Thursday, CNN’s Jake Tapper said the State Department’s decision to edit an embarrassing admission out of an official video recording was a “scrubbing of the public record.” He went on to say that it should “be an outrage to every American.”
“Well, that looks like a completely cut-and-dried case of censorship. They took something they didn’t like and pretended it didn’t happen,” Mr. Tapper complained, noting that he would discuss the scandal some are dubbing “Glitchgate” on his “The Lead” program later in the day.
Later in the day, Tapper dedicated a segment of his own show to the story. First he carefully brought viewers up to speed on the sequence of events:
- The initial lie by State Dept. spokesperson Victoria Nuland that there were no ongoing negotiations with Iran.
- The subsequent admission by Jen Psaki that Nuland had lied about negotiations with Iran.
- The removal of that admission from an official video record of the State Department briefing.
- The claim the removal had been a “glitch,” i.e. a technical problem.
- The admission this week that it had not been a glitch but a request made by someone.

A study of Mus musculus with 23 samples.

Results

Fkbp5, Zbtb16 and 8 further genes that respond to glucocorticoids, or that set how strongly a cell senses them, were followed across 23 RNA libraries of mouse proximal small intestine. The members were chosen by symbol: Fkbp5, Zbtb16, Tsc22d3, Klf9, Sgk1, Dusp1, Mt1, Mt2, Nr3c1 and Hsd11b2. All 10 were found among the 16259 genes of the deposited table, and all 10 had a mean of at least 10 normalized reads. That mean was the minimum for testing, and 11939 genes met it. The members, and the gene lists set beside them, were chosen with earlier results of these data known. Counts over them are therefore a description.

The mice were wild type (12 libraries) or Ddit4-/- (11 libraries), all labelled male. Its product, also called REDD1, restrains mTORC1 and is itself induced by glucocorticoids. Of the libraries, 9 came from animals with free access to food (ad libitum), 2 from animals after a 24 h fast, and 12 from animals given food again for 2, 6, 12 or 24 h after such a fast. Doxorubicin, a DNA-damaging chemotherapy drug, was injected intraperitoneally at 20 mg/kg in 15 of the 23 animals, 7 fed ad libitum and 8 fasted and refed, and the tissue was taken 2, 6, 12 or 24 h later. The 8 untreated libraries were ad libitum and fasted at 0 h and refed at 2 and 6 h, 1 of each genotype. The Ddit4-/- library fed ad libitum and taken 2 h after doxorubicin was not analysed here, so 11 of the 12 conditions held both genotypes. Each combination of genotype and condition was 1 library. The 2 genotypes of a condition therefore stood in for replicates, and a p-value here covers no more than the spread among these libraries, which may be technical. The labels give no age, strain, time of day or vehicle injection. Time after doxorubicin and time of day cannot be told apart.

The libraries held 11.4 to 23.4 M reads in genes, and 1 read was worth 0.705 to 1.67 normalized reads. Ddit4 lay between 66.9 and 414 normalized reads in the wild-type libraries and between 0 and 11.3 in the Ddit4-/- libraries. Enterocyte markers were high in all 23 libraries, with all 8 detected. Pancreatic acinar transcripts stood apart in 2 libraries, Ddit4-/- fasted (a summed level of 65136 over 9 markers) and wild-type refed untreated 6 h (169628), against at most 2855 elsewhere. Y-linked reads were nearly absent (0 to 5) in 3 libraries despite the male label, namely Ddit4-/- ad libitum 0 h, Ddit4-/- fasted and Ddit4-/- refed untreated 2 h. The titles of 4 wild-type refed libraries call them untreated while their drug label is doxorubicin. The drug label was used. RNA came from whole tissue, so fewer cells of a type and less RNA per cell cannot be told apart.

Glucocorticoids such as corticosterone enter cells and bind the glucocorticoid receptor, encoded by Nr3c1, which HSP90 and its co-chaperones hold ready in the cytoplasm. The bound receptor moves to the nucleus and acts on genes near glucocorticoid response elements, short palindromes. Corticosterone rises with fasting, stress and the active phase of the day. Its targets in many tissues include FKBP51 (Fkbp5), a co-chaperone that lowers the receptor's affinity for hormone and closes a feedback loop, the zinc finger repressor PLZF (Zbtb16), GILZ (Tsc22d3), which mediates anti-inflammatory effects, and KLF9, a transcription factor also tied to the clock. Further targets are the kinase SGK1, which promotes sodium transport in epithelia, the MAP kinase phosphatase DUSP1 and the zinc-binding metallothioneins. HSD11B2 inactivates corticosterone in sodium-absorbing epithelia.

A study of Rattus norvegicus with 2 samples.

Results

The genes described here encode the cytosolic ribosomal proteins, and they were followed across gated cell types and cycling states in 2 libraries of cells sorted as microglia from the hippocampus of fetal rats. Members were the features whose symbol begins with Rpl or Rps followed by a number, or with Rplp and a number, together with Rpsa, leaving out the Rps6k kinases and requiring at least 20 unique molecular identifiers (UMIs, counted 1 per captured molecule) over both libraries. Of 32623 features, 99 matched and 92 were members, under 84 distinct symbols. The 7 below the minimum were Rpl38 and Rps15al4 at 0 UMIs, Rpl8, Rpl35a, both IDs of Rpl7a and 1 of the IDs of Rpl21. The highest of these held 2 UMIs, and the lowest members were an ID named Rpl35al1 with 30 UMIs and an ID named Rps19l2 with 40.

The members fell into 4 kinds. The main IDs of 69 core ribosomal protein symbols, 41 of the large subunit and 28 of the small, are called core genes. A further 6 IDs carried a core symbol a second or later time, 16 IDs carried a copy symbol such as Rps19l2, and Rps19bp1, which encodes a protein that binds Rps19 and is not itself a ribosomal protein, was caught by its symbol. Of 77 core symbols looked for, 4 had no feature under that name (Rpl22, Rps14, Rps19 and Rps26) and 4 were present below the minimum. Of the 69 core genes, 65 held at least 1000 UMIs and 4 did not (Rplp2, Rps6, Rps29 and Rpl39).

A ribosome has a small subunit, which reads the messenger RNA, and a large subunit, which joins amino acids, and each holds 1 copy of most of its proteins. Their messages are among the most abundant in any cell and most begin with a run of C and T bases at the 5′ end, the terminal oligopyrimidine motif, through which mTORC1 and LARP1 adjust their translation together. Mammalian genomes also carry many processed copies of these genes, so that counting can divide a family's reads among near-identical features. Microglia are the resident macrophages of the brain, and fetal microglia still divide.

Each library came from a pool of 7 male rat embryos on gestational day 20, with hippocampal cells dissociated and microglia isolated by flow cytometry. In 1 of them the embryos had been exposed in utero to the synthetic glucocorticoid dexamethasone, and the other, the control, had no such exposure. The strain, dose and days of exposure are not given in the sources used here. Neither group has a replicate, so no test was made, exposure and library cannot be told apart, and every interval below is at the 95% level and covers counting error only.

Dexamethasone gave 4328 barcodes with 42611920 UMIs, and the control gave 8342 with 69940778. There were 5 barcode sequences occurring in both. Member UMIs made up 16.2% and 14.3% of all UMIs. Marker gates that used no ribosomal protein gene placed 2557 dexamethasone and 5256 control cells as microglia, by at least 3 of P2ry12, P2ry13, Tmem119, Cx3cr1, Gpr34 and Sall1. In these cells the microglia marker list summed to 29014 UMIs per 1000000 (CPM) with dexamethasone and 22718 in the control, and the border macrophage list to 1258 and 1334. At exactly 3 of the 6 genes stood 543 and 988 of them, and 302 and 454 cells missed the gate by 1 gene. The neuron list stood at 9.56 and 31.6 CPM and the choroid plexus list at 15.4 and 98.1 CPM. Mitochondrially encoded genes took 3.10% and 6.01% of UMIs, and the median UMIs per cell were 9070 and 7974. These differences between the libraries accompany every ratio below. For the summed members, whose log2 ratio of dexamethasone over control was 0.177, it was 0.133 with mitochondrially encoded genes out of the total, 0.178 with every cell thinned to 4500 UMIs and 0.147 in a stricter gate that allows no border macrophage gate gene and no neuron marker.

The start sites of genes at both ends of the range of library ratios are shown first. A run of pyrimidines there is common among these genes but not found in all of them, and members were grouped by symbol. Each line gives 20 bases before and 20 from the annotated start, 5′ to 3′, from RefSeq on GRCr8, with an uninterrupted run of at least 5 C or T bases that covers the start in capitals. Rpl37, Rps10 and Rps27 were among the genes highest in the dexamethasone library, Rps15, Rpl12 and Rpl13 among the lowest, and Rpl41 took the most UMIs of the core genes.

- And finally, the claim that State doesn’t know who made the request or why.
Tapper summarized all of that with this graphic:
Tapper made it clear he was not okay with letting all of this slide simply because there were no rules against editing the State Department briefing video. There are too many unanswered questions about all of this, starting with why it happened:
There are so many questions about all three of these lies including whether the initial lie had anything to do with the administration-pushed narrative of the Iran deal sold to the public, that this all came about in large part because Hassan Rouhani–supposedly some sort of moderate–was elected President of Iran in June 2013 after lie number one, which denied the talks were going on before Rouhani was elected. But before we can get into lies number one, two and three happened the Obama administration needs to understand that it’s not acceptable just to leave this where it is. Just as the public has a right to know the truth, we have a right to know who lied to us and why.
Kudos to Jake Tapper for not letting this slide and for using his platform to call for some accountability at the State Department.